For the project, Butler once again enlists his rotating cast of colorful vocalists and collaborators, including recurring singers Rouge Mary and Gustaph, as well as new voices like The Horrors’ Faris Badwan, Lebanese rockers Mashrou’ Leila, singer-songwriter Sharon Van Etten and Icelandic sister act Sísý Ey.

The new album continues Butler’s artistic arch last heard on The Feast of the Broken Heart (2014), which explored issues like feminism and sexuality. Now, Butler ups the ante with Omnion, on which he bridges the dancefloor with global affairs and social issues like faith and religion (“Omnion”), the international refugee crisis (“Running”) and his own battle with addiction (“Fools Wear Crowns”). Still, the album is not all gloom and doom, as heard on standout track “Rejoice,” an upbeat celebration of life.

With Omnion, Butler fully flexes his skills behind the boards via complex, layered productions and sounds not commonly explored in electronic music, from horns and brass (“Omnion,” “Rejoice”) and orchestral strings (“Lies”). He even recruits an eight-piece girls’ choir on album closer “Epilogue.”

Here, Butler dives deep into the ambitious creative process and robust sound behind Omnion.

DJ Times: How much freedom do you give your vocalists on the songs?

Butler: It depends on the collaboration. I invite people in with no lyrical content beforehand, especially people who I know to be excellent lyricists. In the spirit of collaboration, get the most out of the person you’re working with. If you know someone is a great poet or someone’s great with words, you want to engage that talent that they have. I always come with the track; I’ve already started the writing process, [and] the structure of the song [is] generally already there when a vocalist enters into the picture. In terms of words being put to paper and words being sung and recorded, that process varies.

DJ Times: The H&LA band formations in the studio and on the stage are related, but are two different types of experiences. When you audition a singer, are you looking for someone to fit both scenarios?

Butler: I enjoy the process of songwriting first. The studio process, and the creative process of writing, is the thing that drives me most. The idea of the people I’m with onstage isn’t so much occurring to me in that moment when I’m being creative with them. I’ve been like that since the beginning; I wasn’t even thinking “live music” when the first record was made. Over the years, this live aspect to the whole thing became not only very real, but at moments, really powerful and really exciting. Now at this point, the performance aspect is significant.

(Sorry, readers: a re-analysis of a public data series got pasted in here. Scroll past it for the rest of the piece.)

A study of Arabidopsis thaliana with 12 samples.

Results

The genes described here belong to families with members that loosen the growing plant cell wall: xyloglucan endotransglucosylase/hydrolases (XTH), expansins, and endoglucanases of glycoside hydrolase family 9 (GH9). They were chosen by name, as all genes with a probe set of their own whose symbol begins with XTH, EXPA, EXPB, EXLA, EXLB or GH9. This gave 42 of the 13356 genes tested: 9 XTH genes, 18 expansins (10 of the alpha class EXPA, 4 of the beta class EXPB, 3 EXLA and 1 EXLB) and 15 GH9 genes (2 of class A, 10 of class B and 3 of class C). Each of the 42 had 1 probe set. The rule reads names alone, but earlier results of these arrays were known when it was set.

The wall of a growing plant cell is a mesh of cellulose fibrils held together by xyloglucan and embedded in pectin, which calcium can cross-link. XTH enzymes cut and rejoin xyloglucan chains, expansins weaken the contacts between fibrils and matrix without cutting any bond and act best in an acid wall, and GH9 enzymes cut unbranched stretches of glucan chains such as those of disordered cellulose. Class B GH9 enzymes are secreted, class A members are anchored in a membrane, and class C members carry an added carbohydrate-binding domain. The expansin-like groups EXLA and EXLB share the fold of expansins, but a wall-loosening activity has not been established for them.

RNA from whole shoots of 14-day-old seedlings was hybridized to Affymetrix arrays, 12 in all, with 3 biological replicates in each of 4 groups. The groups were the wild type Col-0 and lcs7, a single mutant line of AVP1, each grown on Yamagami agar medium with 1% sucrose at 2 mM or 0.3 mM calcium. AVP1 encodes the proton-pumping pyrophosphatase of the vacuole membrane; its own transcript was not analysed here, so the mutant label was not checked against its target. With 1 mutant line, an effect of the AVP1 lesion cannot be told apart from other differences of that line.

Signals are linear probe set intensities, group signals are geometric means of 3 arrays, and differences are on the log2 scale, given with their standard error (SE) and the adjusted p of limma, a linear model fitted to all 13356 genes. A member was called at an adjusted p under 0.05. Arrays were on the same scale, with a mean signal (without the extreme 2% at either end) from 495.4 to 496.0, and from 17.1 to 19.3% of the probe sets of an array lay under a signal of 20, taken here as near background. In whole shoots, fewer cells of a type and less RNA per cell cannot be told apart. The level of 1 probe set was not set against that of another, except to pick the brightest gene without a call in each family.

DJ Times: What’s your production setup?

Butler: I’ve maintained the kind of office that I had from Day 1 with the first album. I run Logic Pro; that’s my main sequencer, editor and platform I’m using. I have a healthy sample library. I have a couple of synths that I’m in love with that I use to shape things up a bit. I used some more involved chains and processes on this record than I had previously. But it tends to be just a couple of analog drum machines, or a couple of small drum machines and a couple of synths that I initially sketch things on and use Logic Pro as the editor.

DJ Times: Do you have help?

Butler: I always record elsewhere because I don’t have a bunch of mics and I didn’t study micing instruments, so I tend to go to a more versed hand when it comes to that. I usually hire an engineer who has a bit of a space that can offer different ambiances. And depending on the vocalist, I find a suitable mic.

Mixing I also source. I don’t tend to trust my ears when I’ve been involved from the very beginning on a project or on a track. I overemphasize things that I think are important from a musician standpoint. It’s really useful for me when I have someone with fresh ears who’s just approaching the music and hearing it for the whole thing.

DJ Times: Omnion features trademark sounds like horns, brass and orchestral strings. The closing track, “Epilogue,” also features a girls’ choir. What was your approach here?

Butler: In terms of live recording, the only courses [I really studied] in school were electronic music courses. But I did study classical composition and classical music, so I enjoy arranging things and I enjoy the sound of acoustic and orchestral instruments. That fusion is something I have explored with every record. But I think my drive or desire to do it probably comes from listening to great New Wave and ’80s bands that were able to do that, too, or were able to have a foot in both worlds—in electronic music, but also in live and orchestral melodic music.